Some two decades before Frank Dallam decided to get the Associated Press franchise for his Spokane Falls Review while the getting was good, an ex-cavalryman of the Civil War, Horace T. Brown, headed for Montana Territory from Ohio, going by way of the Missouri River.
Ohio was the West when Horace Brown was born in Summit County on July 16, 1844. His mother was a Virginian, his father a native of Pennsylvania. While his schooling was brief he must have proved an apt pupil since there is good evidence that he mastered the three R’s. On his own at the age of seventeen, he moved to Indiana and then to Newaygo County, Michigan, where he “learned the printer’s trade” (words that must be used repeatedly in describing the background of Western newspapermen of the eighties and nineties). For two years he set type on a paper called the Republican, published by James H. Maze but not identified either as to town or state. In July, 1863, the month he became nineteen, he enlisted in the Tenth Michigan Cavalry and was assigned to the Twenty-third Army Corps, a part of the western army. His company was kept on special duty in Tennessee and North Carolina for a time. After Atlanta was burned he was one of the fiery Kilpatrick’s five thousand tough horse troopers who joined in Sherman’s march through Georgia to the sea and who ravaged the countryside far beyond the reach of the foot soldiers.
Died at His Home In This City Last Evening — He Started the Butte Miner and Has Been Connected Northwestern Newspapers for Nearly a Quarter of a Century.
H. T. Brown the veteran newspaper man died at 11:25 p. m. yesterday at his residence, 2120 Second avenue. The surviving relatives; the widow. daughter Mrs. Alexander Howie, and his sons, Horace Jr, and Waldo, were at his bedside when he passed away. The funeral arrangements will be announced later. Mr. Brown was 55 years of age and was born in Summit County, Ohio. There he received his education and when 10 years old he with his parents moved to the town or Akron of the same State. At the latter place he entered a printing office: and was employed as devil, remaining in the employment of the company until he was 16 years of age. The civil war was raging and he enlisted. During the greater part of the war he was under the command of General Sherman. While engaged in the battle of Clarksburg, he was severely wounded in the knee, the marks of which he bore to the end.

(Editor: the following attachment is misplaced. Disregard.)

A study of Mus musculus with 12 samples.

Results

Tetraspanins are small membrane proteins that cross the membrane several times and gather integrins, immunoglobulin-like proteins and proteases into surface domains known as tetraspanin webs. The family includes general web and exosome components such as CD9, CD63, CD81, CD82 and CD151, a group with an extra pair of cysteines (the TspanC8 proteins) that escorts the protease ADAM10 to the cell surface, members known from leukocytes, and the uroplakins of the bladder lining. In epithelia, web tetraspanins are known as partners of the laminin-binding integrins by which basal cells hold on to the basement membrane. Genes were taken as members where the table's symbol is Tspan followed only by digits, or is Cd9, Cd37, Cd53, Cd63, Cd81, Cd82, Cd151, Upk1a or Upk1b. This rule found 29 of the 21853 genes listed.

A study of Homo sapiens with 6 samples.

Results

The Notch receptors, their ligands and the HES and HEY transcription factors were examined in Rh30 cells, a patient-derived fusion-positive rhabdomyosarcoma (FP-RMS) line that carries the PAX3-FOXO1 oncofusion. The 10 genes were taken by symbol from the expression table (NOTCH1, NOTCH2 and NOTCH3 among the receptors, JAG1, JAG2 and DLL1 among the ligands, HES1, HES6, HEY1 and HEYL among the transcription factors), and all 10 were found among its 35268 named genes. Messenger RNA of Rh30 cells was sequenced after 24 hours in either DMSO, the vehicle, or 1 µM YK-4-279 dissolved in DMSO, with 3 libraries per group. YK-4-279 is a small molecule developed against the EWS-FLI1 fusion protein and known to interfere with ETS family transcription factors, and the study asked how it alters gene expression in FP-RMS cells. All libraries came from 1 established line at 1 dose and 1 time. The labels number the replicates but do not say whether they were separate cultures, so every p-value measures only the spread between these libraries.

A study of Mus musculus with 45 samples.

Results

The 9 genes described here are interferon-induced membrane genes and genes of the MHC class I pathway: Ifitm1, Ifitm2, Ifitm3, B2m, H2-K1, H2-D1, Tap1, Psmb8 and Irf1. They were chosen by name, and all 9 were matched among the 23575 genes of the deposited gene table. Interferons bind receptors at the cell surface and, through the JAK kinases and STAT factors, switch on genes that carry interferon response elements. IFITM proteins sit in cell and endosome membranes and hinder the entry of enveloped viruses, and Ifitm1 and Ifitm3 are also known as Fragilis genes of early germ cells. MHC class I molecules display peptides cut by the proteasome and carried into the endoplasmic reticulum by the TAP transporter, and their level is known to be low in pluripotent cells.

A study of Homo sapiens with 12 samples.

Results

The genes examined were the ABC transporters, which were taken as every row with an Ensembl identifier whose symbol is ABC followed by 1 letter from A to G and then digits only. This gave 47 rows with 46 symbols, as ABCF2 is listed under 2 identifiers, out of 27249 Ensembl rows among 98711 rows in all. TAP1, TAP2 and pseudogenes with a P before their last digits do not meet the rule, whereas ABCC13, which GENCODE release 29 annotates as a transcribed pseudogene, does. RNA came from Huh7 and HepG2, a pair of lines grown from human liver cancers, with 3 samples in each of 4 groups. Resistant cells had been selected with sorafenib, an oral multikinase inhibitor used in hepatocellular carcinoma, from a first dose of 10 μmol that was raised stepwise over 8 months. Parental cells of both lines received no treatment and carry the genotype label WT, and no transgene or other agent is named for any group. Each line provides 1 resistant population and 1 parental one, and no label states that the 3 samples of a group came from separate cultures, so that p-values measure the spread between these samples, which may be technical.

In 1867 he moved to Virginia City, Mont. He remained at that city for four years and was successful in establishing a weekly newspaper called the “Montana.” In 1870 he moved to Deer Lodge city and there brought into existence the “New North West” newspaper. After working there four years he returned to Virginia City and worked for two years more on his first newspaper. In 1876 he went to Butte and, in partnership with Captain James Mills, established the. Butte Miner, of which he acted as manager and publisher until 1886.
He and his family then moved to Spokane and Mr. Brown with Frank Dallan bought a half interest in the Review, which was bring published here. After being connected with the Review for two years the paper was sold out to a new company. Mr. Brown next went into partnership with Henry W. Greenberg and they established a job printing office on East Riverside. After dissolving partnership with Mr. Greenberg he was successful in establishing the Northern Newspaper Union, which later was sold to the American Type Founders company. Since April, 1899, he had been an employee of the Spokesman-Review.